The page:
PostPosted: Sun Feb 21, 2021 8:47 pm
by tweedle do
So, this has been a wondering of mine for a long time and I've finally remembered to ask about it...

I've had a JV Squier strat for ooohhh, a long time now. It's one of the first series, large Fender logo, small Squier logo, 62 sunburst.

Now, as far as I'm aware it's all original, bought from one owner in Liverpool. However, when I see similar guitars the pole piece's are staggered in height, whereas on my guitar they're flat.

Does anyone know what they should be? I've read of people levelling pole piece's but would like to know what the original design should be.

The guitar has had a shim fitted, so maybe there has been some DIY done...?

Cheers all.

Re: Pole piece heights

PostPosted: Sun Feb 21, 2021 9:37 pm
by Murray B
Edit - completely misread the post, so have just deleted a nonsense reply.

Re: Pole piece heights

PostPosted: Sun Feb 21, 2021 10:14 pm
by Sam Spoons
Some discussion on 'adjusting' the pole pieces on Fender style pickups in this recent thread https://www.soundonsound.com/forum/viewtopic.php?f=22&t=76587

Re: Pole piece heights

PostPosted: Mon Feb 22, 2021 8:26 pm
by tweedle do
Thanks, saw that thread, perhaps it was what prompted my question....

These pick ups are supposed to have been original American made ones. Because these guitars are relatively rare I don’t know if they were originally staggered or not.

If.... they were, would there be any benefit to making them staggered again?

Re: Pole piece heights

PostPosted: Mon Feb 22, 2021 9:05 pm
by zenguitar
No benefit whatsoever.

You guitar is what it is, appreciate it for that. If the pole-pieces were originally staggered there is a risk that they have already been damaged, staggering them again just runs further risk of damage.

And if they weren't originally staggered, everything is as it should be.

Andy :beamup:

Re: Pole piece heights

PostPosted: Mon Feb 22, 2021 10:06 pm
by Sam Spoons
Depends on the stagger but, AFAIK the pole pieces in fender style single coils* are flush to the bottom of the pickup. So, if the G has been adjusted, typically to convert a 'vintage stagger' into a modern one optimised for a plain G, the G pole piece would stand proud of the backplate.

I have checked the four spare Strat pickups I have, a set of Tokai vintage Pu's and a single one bought as a Seymour Duncan overwound Pu of some flavour and all have a vintage stagger with the pole pieces flush with the fibre backplate.

Re: Pole piece heights

PostPosted: Tue Feb 23, 2021 9:35 pm
by tweedle do
Thank you both for your advice.

Zen, thanks for the straight up acceptance advice, Sam, I’ll take a look under the hood - I’d never have considered that.

Cheers both!

Re: Pole piece heights

PostPosted: Mon Mar 08, 2021 1:04 pm
by Wonks
I read somewhere quite recently that one of the pickup makers tested out a load of staggered and flat pole piece single coil pickups and for them, the flat pole pickups had the most even string response.

On a humbucker, you've almost always got one row of flat pole pieces, and the adjustable screw poless are rarely tweaked from flat by their owners. I'll tweak the screw poles on a humbucker if I feel a string or two is sounding weaker than the rest, but there's rarely any noticeable imbalance and you normally have to listen very carefully for it. Often the top E can be a bit weaker as there's only one other pole piece next to it, rather than one each side of the main pole piece. These can add a small but useful bit of overall output. The position of the string in relation to the pole can also have an affect here. We'd all like the string to be centred over the pole, but this is rarely the case, and if the top E string is sitting towards the outer edge of the pole piece, then it's going to sound weaker than if on the inside edge of the pole piece and so is closer to the B-string pole piece.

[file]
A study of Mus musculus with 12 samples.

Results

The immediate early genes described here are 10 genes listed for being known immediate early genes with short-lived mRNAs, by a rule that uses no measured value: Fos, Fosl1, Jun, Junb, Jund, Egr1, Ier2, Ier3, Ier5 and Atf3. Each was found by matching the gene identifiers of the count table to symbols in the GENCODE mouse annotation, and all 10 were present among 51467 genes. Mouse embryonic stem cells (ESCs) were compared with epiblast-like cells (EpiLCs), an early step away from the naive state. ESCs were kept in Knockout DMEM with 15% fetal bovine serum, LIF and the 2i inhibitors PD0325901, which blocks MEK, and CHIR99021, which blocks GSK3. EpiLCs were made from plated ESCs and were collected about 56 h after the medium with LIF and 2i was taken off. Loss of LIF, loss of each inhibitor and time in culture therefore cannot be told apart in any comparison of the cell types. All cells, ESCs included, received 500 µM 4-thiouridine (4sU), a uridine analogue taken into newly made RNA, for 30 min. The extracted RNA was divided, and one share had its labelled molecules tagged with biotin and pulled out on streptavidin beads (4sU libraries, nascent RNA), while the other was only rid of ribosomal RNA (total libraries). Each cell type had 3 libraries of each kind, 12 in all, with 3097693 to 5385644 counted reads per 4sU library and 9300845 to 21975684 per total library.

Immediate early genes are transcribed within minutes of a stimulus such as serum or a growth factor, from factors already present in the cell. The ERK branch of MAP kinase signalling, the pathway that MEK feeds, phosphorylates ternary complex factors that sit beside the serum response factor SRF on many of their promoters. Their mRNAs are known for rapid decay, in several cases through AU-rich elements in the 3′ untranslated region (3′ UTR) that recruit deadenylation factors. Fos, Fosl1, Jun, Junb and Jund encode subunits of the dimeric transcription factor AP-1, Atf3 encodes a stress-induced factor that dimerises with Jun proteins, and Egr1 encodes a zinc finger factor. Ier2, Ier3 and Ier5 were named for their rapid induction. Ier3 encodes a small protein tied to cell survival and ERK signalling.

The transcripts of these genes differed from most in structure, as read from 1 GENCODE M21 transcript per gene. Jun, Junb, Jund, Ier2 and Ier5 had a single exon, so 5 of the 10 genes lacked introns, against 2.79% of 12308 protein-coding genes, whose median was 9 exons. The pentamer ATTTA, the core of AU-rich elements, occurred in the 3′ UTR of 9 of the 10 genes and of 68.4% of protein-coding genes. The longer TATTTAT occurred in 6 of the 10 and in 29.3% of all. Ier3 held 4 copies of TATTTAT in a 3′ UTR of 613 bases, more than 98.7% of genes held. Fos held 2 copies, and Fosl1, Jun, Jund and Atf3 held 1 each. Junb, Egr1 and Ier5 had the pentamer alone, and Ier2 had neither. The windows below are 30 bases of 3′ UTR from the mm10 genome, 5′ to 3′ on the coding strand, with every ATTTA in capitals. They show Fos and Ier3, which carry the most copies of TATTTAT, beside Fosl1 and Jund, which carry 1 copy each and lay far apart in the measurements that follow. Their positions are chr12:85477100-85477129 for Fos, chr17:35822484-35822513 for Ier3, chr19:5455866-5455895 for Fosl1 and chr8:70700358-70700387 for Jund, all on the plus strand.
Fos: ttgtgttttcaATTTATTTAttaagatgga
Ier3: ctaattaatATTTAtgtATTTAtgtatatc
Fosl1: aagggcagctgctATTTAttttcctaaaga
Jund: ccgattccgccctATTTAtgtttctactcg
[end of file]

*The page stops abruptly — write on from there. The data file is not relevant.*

Some people will simply set the screw poles to match the fretboard radius regardless of the sound, which doesn't seem right to me. Use your ears and set accordingly.

Re: Pole piece heights

PostPosted: Tue Mar 09, 2021 9:42 pm
by tweedle do
Thanks for your advice Wonks, I’ve been thinking about it since I saw your post... but... (and forgive my ignorance) if the top/high E string is weaker in output, then why isn’t that polepiece also higher, to increase the output?

Re: Pole piece heights

PostPosted: Tue Mar 09, 2021 11:35 pm
by Wonks
A lot depends on its position beneath the string. The pickup maker generally has no control over that, and a 1mm shift in scratchplate or pickup ring position, or a slight offset in the bridge position can make all the difference there, so a one-size fits all change to pickup height would work in some instances and be wrong in others. It also comes down to how high the user sets the pickups and the relative heights of the bass/treble end. Also, different string gauges sets have different relative string mass/unit length, and this can affect relative outputs as well.

I've noticed a slightly weaker top string far more on humbuckers than on magnet pole piece single-coils, and on at least 95% of humbuckers you've got at least one row of adjustable pole pieces where you can balance string outputs. The more focussed magnetic field of magnet pole piece single-coils may have something to do with it, and also explain why that even when using vintage stagger pickups with a plain 3rd string, the output still sounds pretty even between the strings.

I suppose another question to ask is why so many vintage Strat-style pickups still have that vintage stagger, when the use of a wound 3rd has been pretty rare ever since sets of 10s, 9s and 8s became easy to obtain in the 1970s? There are some makers who will provide a modern stagger on otherwise vintage spec pickups, but most still stick to the original specs.

At least you've now got a wide choice of alternate pickups to try out if you aren't happy with the sound of yours.